Dubbed America’s “most patriotic team,” the U.S. Military WarDogs offer baseball enthusiasts the chance to trade in boots for cleats.
Military members have different camaraderie within their own services, but once their feet hit the diamond, rank become nonexistent along with their branch affiliation. They are now U.S. WarDogs.
In 2018, the team was launched by taking the country’s best ball players to travel and play in minor and collegiate teams in order to raise money and awareness for veterans dealing with PTSD, suicide, unemployment, and disability.
“It’s truly unreal,” said Bruce Jazwinski, president of the U.S. Military WarDogs. “When we first started, we were showing up to batting practice with four people and wondering how in the hell are we going to do this. Then in two weeks, it became 15. Then in a month it became over 40.”
Jazwinski, who has served in the Navy since 2007, created the U.S. WarDogs as a “call to arms” for all men and women military academy ball players, active-duty service members, reservists, veterans, and military dependents who had a desire to play ball while helping veterans in need.
Although they started out with just four players in Japan, the team quickly grew with teams popping off across the country and in some places across the world.
To date, the volunteer-based nonprofit organization has 455 players total in the program, filling up seven teams located in Norfolk, Virginia; Denver, Colorado; an A and B team in San Diego, California; and teams overseas in Japan, Italy, and Spain.
The U.S. Military WarDogs do not have an official home base, but they make up for a lost home field by collaborating with teams from their communities.
According to Jazwinski, the teams have a personal goal to build relationships in its community by volunteering with veteran organizations, veteran clinics, lending a helping hand at local schools and much more. All for the love of baseball while fundraising to help another veteran.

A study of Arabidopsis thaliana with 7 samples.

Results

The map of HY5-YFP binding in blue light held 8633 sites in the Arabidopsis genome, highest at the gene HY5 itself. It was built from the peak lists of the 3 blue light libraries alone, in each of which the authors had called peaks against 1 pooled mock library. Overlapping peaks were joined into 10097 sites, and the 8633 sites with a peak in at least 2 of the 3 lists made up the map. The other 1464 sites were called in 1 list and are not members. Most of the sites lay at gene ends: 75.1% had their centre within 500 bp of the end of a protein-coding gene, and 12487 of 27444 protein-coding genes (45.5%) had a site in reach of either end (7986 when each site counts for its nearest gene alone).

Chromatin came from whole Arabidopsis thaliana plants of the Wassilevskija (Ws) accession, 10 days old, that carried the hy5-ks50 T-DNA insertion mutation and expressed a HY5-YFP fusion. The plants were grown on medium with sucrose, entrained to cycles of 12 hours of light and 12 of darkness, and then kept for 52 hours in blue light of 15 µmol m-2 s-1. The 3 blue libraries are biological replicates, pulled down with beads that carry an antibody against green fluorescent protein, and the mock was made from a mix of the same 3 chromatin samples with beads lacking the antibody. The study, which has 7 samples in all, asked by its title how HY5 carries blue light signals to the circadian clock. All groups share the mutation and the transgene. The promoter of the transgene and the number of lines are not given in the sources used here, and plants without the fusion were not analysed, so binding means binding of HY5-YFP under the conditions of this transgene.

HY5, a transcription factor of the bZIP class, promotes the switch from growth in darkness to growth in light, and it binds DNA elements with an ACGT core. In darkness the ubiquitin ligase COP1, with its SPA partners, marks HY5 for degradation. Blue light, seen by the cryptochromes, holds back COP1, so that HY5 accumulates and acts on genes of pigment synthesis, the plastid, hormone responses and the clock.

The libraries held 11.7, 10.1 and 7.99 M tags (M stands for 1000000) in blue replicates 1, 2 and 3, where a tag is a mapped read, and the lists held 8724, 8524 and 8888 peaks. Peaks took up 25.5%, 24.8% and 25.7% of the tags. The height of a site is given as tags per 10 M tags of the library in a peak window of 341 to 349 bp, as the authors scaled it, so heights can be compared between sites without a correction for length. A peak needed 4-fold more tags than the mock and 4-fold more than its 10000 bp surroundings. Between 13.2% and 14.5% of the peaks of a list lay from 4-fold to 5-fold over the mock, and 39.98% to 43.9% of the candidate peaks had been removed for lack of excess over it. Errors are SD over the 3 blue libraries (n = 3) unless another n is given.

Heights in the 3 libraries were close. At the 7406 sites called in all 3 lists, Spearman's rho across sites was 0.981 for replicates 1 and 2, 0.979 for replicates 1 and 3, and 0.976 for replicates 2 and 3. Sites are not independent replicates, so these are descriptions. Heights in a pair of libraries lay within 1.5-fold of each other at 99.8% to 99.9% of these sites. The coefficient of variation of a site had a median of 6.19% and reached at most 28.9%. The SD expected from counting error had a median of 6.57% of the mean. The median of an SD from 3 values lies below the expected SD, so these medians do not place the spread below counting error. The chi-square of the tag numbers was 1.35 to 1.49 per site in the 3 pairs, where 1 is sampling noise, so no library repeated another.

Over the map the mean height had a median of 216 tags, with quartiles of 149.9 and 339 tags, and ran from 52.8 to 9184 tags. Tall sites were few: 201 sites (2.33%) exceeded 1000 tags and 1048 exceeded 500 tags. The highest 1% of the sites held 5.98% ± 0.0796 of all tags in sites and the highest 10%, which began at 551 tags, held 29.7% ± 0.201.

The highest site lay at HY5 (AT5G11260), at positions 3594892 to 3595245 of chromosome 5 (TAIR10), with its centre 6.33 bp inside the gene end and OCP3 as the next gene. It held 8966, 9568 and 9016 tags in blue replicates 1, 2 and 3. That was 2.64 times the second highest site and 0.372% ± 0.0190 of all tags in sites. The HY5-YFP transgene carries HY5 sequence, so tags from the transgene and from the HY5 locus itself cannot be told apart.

Jazwinski said they play many games to help provide service dogs to veterans in need. For example, the U.S. WarDogs just played in a 48-team tournament in Kansas early August for a Marine who needed a service dog after serving three tours overseas.
“These guys connect with each other, and it’s a beautiful thing that happens naturally,” Jazwinski said.
With more than 400 players, military members of all branches are split amongst the seven teams playing in local games on Saturdays and Sundays between April and October, but when a tournament comes into play, six-year Army veteran and Head Coach Todd Nieuwenhuis will hand pick the best of the best 455 players to represent the organization.
“It’s kind of amazing,” Nieuwenhuis said. “It’s just a cool way to get this collage of different branches and different personalities and in the way their military branch brings them up.”
According to Nieuwenhuis, the U.S. WarDogs has representation from each military branch, including one player from the Space Force.
Both Nieuwenhuis and Jazwinski have a goal to get more players and teams formed across the world, especially stateside, so active-duty players will have a U.S. WarDogs team waiting for them wherever they go.
“We like to give guys an opportunity to jump from one team to the next,” Nieuwenhuis said. “Once a WarDog, always a WarDog.”
The U.S. Military WarDogs is looking to expand its teams stateside in San Antonio, Texas, and Jacksonville, Florida, next year, according to Nieuwenhuis. However, they’re always searching for other locations as well.